Maderno's St. Peter's Facade

Vatican environs featuring  the Circus of Nero,
Old St. Peter's Basilica, and the present-day
St. Peters (lightly outlined)
Anyone who has ever traveled to Rome with even a few hours to spare seems to automatically gravitate, not to the seven ancient hills upon which the city was founded, presumably by the brothers, Romulus and Remus, but instead, across the Tiber to another, hill, historically referred to as Vatican Hill. The valley next to it, once held the Circus of Nero, the hill itself a cemetery. Catholic tradition has it the apostle Peter was slain in the circus, and buried just outside its walls  Eventually the cemetery was essentially "roofed over" to form a necropolis upon which the original St. Peter's Basilica church was build, its high altar placed strategically over the tomb of the apostle and first bishop of Rome.

Michelangelo's St. Peter's plan, 1547
Bramante's St. Peter's plan, 1506

Around 1506, during the first years of his reign as pope, Julius II and his erstwhile architect, Donato Bramante, decided to tear down the badly deteriorated, thousand-year-old church and erect one more worthy of the center of world-wide Catholicism. Bramante fabricated a Greek cross plan housed in the center of a square with a complex of auxiliary chapels occupying the corners of the square (above, left). Work was begun, literally building around the old church for a time before it was finally torn down as being in the way of construction for the new cathedral. Forty-one years after Bramante began, Michelangelo significantly altered, simplified, and improved the design, adding an east portico and his famed dome (above, right). And had his design, or even that of Bramante, been carried through to completion, we would, today, have one of the most beautiful churches in Christendom. One can best get a feel for the organic unity of design Michelangelo contemplated by looking at St.Peter's from the Southwest (below, left), or virtually any side other than the front with its ungainly Baroque facade designed by Carlo Maderno around 1606-12.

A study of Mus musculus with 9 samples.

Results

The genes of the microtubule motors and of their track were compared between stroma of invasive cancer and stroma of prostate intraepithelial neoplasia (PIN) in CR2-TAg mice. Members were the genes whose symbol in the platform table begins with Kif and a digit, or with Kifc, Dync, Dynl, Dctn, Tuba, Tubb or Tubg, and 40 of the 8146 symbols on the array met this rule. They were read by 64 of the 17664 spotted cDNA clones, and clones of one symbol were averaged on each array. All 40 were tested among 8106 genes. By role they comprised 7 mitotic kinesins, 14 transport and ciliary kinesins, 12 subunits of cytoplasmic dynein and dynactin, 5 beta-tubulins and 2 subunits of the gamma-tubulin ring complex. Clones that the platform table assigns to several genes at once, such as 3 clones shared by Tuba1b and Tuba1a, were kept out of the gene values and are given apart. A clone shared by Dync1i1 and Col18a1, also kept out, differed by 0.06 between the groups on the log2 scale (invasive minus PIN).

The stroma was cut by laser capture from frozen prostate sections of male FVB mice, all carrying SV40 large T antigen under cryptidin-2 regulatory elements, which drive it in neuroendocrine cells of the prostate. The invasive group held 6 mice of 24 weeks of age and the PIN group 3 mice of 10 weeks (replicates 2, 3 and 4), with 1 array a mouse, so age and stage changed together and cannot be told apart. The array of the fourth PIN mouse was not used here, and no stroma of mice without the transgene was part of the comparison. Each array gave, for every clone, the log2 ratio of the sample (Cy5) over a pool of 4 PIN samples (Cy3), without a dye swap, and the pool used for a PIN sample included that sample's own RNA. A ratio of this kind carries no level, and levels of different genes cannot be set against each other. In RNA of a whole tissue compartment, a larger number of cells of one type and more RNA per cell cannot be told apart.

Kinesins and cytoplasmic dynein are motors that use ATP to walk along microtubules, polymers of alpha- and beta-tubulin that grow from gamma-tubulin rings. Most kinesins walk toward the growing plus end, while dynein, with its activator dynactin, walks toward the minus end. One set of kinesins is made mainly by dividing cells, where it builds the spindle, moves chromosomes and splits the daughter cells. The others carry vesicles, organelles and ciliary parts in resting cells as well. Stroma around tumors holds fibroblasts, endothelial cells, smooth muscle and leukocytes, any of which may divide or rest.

St. Peter's from the southwest
Maderno was not a bad architect. His debut piece, the facade of Sta. Susanna constructed in Rome between 1597-1603 is a masterful handling of Late Renaissance/Early Baroque style and an adept solving of the problem created by a tall central nave and low side aisles. It undoubtedly won him the admiration of Pope Paul V and the job as architect of St. Peters. No, the problem was not the pope's architect but the pope himself. As the church neared completion around 1600 based approximately of Michelangelo's design, the decision was made by certain architecturally illiterate clergy to extend the east arm of the Bramante/Michelangelo Greek cross to the east by several hundred feet (three bays). To his credit, on the inside at least, Maderno carried off the misguided extension with a seamless design and execution hinting not in the least at the unmitigated disaster caused by the design change on the outside. He was a superb interior decorator.

Maderno's St. Peter's facade as seen today.  Even from well out
in the plaza, Michelangelo's dome is almost totaly obscured.
Outside the effect of the improvised Classical facade with its brownstone lower two levels and its white marble "attic" is, for lack of a better term, dismal. From the immediate environs in front of the cathedral, the massive stage set of unevenly spaced columns, superhuman portals, and windows, virtually eliminates the view of Michelangelo's magnificent dome. And to make matters worse, as Maderno's "wedding cake" facade was nearing completion, the decision was made by the same red-hatted architect wannabes to build twin bell towers, one on either end of the facade. Work was begun. An additional vault was added on each end connecting the largely freestanding tower bases with the already way-too-wide facade.

Sangallo's St. Peter's with the ill-fated
bell towers, 1539
However, had the towers grown to completion they would have somewhat mitigated the distressingly horizontal tendencies of the facade. Unfortunately, as work progressed on the North tower, it began to tilt. The foundation and subsoil of the ancient cemetery would not support the intended tower's immense weight. So, it was torn down level with the top of the new facade and work was halted on the South tower at the same level. Thus the facade ended up being more than two and a half times as wide as it was tall. As a result, only from a great distance does one even get the feeling of standing before a church. Up close, the effect is more one of some enormous government ministry building over-decorated with triple life-size statuary and every form of architectural adornment known to man.